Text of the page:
I love Olympics. Even the Winter Olympics -- there's something I find so charming about them. (I hate the X Games inspired "sports" and ice dancing, but that's why God created the remote.) Whatever Olympics are on, I vegetate in front of the TV, that remote in hand, switching between the multi-channels. I watch the early morning Olympics re-cap discussion shows, and the late-night broadcasts that show the events not considered interesting enough for the daylight or primetime hours. Love, the love, the Olympics. One of the thrills of my life was when the Olympics were in Los Angeles, and I got to go to so many events.
But much as I can't wait for the coming Winter Olympics to start in a week, the more I read about Sochi the more I'm holding my breath and wondering what in the world was the IOC thinking when they gave the Games to them?? (And no, graft and bribery isn't a good enough answer.) The financial hit they're taking, the Russian politics towards gays, the thinking that goes into putting two toilets in one stall, the terrorist threat from Chechnya that's so nearby and more.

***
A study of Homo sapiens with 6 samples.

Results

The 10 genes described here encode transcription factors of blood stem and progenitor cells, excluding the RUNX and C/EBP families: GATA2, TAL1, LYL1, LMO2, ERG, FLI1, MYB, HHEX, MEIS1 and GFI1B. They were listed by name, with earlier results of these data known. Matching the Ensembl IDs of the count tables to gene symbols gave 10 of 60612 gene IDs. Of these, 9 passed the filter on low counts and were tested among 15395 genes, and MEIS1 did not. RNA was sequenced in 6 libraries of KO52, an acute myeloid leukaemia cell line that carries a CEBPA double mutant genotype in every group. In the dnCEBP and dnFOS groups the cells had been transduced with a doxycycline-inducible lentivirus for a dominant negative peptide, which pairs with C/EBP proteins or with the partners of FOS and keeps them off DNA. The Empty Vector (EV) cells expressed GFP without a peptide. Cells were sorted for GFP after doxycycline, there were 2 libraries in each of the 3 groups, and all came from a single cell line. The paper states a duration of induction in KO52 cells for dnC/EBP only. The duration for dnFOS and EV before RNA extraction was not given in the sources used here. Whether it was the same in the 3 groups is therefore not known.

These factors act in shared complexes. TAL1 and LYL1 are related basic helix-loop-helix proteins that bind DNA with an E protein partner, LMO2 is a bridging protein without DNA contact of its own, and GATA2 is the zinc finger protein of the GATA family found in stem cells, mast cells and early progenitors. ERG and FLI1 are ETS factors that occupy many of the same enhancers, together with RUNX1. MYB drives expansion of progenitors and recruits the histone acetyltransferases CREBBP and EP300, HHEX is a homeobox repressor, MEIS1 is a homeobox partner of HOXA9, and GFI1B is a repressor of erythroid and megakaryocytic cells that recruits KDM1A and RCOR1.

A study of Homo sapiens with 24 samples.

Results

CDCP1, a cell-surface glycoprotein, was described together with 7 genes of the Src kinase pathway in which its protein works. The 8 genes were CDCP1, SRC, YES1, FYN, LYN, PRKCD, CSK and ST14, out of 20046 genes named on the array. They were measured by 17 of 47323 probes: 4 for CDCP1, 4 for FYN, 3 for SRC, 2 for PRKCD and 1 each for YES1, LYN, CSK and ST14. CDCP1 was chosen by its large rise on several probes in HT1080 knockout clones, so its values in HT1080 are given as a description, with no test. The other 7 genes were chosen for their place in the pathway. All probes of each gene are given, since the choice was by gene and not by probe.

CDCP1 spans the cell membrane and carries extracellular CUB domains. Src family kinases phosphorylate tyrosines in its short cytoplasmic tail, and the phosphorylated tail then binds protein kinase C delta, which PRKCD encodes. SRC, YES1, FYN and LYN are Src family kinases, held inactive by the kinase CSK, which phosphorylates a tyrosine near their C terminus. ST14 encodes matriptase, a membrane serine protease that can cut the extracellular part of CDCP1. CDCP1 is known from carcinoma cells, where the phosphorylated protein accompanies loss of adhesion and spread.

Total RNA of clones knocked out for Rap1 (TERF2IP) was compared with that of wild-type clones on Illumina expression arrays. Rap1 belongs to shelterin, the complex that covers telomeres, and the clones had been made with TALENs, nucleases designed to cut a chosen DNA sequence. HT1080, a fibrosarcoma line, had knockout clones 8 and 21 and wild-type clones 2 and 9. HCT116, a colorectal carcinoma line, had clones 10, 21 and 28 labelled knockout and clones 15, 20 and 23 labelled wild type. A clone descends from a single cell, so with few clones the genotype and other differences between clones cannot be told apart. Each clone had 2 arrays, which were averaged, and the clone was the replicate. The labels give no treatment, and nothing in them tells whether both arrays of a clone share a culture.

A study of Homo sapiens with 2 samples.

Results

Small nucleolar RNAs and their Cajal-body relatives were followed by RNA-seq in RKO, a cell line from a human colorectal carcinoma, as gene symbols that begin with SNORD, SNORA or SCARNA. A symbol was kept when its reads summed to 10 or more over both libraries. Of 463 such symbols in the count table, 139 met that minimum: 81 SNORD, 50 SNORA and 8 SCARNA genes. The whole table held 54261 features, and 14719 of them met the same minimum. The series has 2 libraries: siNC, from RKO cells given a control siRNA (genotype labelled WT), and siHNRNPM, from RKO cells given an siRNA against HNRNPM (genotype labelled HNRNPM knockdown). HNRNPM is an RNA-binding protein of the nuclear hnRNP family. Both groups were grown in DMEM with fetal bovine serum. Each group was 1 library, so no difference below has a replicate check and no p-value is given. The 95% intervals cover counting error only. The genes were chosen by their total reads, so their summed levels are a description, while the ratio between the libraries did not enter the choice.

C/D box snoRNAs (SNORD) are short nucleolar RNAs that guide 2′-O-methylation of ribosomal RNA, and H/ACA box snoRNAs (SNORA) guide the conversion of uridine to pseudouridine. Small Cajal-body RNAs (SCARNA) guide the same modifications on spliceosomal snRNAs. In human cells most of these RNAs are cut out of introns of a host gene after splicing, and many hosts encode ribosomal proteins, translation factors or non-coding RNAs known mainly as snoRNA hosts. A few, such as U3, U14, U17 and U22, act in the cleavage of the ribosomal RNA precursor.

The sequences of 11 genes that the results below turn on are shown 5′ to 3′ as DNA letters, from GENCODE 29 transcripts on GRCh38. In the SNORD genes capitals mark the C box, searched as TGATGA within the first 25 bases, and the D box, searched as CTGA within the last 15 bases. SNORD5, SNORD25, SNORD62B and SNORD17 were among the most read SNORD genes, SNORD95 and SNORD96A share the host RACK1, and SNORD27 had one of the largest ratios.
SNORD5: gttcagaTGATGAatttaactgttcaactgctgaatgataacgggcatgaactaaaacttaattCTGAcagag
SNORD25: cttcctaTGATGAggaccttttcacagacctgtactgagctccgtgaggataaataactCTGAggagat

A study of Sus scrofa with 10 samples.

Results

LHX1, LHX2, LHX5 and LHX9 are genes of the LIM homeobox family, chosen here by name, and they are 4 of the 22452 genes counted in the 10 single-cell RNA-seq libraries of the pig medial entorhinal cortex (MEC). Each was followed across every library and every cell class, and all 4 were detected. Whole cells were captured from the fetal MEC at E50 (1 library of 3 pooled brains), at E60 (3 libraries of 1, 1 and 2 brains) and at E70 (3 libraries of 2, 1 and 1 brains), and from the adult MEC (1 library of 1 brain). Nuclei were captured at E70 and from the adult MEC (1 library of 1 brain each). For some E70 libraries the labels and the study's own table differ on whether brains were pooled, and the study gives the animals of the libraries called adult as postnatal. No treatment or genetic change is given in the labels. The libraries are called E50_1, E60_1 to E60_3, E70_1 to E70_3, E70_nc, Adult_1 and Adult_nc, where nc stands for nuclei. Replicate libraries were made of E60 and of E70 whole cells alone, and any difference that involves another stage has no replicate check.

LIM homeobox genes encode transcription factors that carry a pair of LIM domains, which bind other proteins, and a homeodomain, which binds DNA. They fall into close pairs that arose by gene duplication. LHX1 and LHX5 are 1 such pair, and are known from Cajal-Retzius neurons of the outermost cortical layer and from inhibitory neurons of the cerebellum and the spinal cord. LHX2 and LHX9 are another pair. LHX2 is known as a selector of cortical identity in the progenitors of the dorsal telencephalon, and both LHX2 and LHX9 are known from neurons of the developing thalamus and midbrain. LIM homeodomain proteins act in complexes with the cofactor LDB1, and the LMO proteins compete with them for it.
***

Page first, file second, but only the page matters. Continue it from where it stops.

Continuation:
I wish it so well, but it has the markings of a disaster waiting to happen. There have been a lot of Olympics that had the potential to be big problems, but they've tended not to be. But that doesn't mean that that's a given things will be fine. Nor does it mean there will be problems just because I'm concerned for them. And for most of the potential problems I'm reading about they're things that will only affect the people there, not viewers. (Though I wish everyone a great experience, because that carries over to the Games.) So, to be clear, I'm not expecting problems. But -- when there are a lot of yellow caution lights blinking at you, it does give one pause.
Robert J. Elisberg is a political commentator, screenwriter, novelist, tech writer and also some other things that I just tend to keep forgetting.